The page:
By: Ruth Henderson
If you've ever tried to instill a culture of process improvement in an organization, then you know it is not an easy task. There are cultural and leadership issues that need to be addressed even before the process improvement tools are launched. Not everyone gets this.
A little while ago, I had coffee with a former colleague, and our conversation turned to this exact topic. I thought I'd share it with you, as it highlighted the need for a strong link between Leadership and Process.
"I thought you did Process Improvement," said my friend.
"I do," I responded, stirring my decaf skinny soy vanilla latte (new fave drink, for those keeping track).
"But you just taught a course on Coaching, and another on Executing Flawlessly."
"Yeah, and?" I was sure there was a question in here, but wasn't clear yet on what it was.
"I don't get it. What do those have to do with Process Improvement? That's process mapping, and finding efficiency and statistics. You're talking about leadership skills in those other courses."
Ah, the lightbulb came on. And my first thought was, Really? Isn't it obvious? My second thought was Ruth, don't be rude. Clearly this is not as obvious a concept as you seem to think.
"Hmmm," I stalled for time as I gathered my thoughts. "OK, you've done some Process Improvement at work, right?"
"Well, we've only done a little bit. My boss is trained in Lean Six Sigma and has been teaching us a little at a time. It seems OK, but it takes a really long time to implement and most of us don't have the time to dedicate to it. It's crazy, because Sherri, my boss, clearly loves this stuff, but has trouble explaining it to some of the people who are more cynical. We've got people with 30+ years of experience, and you can't tell them about changing the way we do things when the processes work just fine for them. And it's so involved! I mean Lean has all these steps that you have to do, and meetings, and charts -- people don't have time for it all, and so the ideas they come up with just don't stick. I really don't get it. No offense," he added hastily.
"None taken," I said. "What else do you know about Process Improvement?"
He thought a minute while he chewed his blueberry scone. "To be honest, not much. I know that a buddy's company tried to implement Six Sigma and spent a ton of money on training and then ditched it after a year. But I also know that there are people who are successful at it -- I mean, you have obviously had great experiences or you wouldn't be doing what you're doing." He shrugged. "I don't know why it works for some and not for others."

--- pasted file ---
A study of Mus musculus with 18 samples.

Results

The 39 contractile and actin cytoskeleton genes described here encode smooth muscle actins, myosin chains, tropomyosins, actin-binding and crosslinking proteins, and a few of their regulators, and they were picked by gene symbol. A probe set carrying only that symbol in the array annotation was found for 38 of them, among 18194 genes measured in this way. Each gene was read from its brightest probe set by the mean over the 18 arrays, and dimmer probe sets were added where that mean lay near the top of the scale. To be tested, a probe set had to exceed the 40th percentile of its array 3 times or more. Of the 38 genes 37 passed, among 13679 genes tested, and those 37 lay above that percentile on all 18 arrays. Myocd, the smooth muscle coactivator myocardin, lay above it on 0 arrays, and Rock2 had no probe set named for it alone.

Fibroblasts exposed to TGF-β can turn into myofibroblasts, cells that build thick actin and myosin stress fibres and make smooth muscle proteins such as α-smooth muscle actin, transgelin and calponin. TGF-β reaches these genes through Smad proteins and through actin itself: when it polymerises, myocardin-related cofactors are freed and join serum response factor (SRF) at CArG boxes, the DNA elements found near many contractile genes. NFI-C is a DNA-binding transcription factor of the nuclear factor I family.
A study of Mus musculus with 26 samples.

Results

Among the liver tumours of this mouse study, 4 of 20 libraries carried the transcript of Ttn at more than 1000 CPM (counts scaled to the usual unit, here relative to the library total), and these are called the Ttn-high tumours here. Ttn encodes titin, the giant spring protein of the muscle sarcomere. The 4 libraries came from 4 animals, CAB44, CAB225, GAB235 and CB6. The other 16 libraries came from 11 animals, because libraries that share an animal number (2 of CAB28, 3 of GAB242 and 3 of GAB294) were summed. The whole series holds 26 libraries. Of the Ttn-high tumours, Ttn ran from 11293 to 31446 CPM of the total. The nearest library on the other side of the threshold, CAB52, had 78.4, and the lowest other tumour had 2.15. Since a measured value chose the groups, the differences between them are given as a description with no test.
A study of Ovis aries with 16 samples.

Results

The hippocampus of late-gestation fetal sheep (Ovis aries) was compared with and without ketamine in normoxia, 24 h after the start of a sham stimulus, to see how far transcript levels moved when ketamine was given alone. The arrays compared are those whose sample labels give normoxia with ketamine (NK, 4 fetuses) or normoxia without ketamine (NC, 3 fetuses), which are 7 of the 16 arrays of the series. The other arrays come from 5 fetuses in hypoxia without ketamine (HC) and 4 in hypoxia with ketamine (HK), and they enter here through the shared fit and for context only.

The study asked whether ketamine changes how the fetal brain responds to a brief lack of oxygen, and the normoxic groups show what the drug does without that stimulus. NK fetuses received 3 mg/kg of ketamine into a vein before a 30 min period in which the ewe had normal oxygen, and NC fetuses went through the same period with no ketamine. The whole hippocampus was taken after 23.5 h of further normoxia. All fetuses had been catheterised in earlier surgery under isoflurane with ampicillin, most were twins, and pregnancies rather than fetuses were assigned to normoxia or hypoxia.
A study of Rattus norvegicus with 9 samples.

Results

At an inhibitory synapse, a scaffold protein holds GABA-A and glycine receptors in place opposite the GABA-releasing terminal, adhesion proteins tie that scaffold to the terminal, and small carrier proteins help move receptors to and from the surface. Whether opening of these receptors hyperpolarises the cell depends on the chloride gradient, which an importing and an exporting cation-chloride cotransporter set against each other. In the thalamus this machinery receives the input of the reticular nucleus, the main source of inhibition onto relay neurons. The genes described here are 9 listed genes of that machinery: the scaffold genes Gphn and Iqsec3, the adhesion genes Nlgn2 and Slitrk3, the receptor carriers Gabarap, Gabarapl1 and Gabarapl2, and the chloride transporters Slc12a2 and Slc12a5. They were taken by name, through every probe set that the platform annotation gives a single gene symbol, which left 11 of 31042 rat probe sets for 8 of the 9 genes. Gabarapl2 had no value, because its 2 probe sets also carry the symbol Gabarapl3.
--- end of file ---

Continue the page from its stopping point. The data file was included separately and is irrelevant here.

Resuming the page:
"Think about it this way," I began. "If your boss could do one thing differently to make her Process Improvement efforts more successful, what would it be?"
"One thing? That's hard because there are a bunch -- she needs to be able to actually explain why this process stuff is necessary, and put it in the language we'll all get. And that's not easy because we all come from different backgrounds at work. And then there's the time to get things done and the tendency to allow things to just slide by. No one has the time, so stuff gets dropped and there are no consequences. Why should I kill myself over something if no one really cares enough to hold me accountable? The whole thing is inconsistent and so it just doesn't stick with people."
"Right, so if your boss was better able to coach you on what needs to be done, communicate why it needs to be done, understand the cultural resistance for how it's being done, help people make time for the work, and hold people accountable to their tasks... that would make it successful?"
"For sure. Absolutely. But you'd have to teach her how to... oh... I see what you did there. Nicely done."
We both laughed. "See," I said, "so many of the more formal Process Improvement efforts require a HUGE investment in time and money, and companies take them on before fully assessing whether the organization is ready to change. They expect people to be thrilled to change their processes when first of all, they're perfectly happy doing what they've always done, and secondly they're terrified that Process Improvements will mean job cuts. Then everyone's day jobs kick in, and draw attention away from what the goals were, and things slide, and it becomes this swirl of doom. Nothing gets done, and Process Improvement efforts get a bad name."
"Swirl of doom. Did you just make that up?"
"Sort of, yeah. We also call it the vortex of insanity. Take your pick. But seriously -- you can't implement Process Improvement at an organization without also teaching the Leadership components that are essential to supporting the success of the initiatives. You just can't do one without the other. Well you can, I guess, but you'll likely screw everything up."
"Are you saying Lean Six Sigma is the wrong way to go?"
"No! No not at all," I said quickly. "You know I'm a black belt in Six Sigma, and obviously I loved it or I wouldn't still be doing it almost 15 years later. I just feel that those big programs are, for a lot -- not all, but a lot -- of businesses, too much, too soon. Organizations need to teach the baby steps first, and if the culture is then ready for the big guns, then by all means, launch the formal stuff. The sweet spot is where process and leadership meet."
Ruth Henderson is one of the Founders of Whiteboard Consulting Group Inc., and an experienced blogger. You can read more blog posts at www.whiteboardconsulting.ca, or follow her on Twitter @whiteboardcons.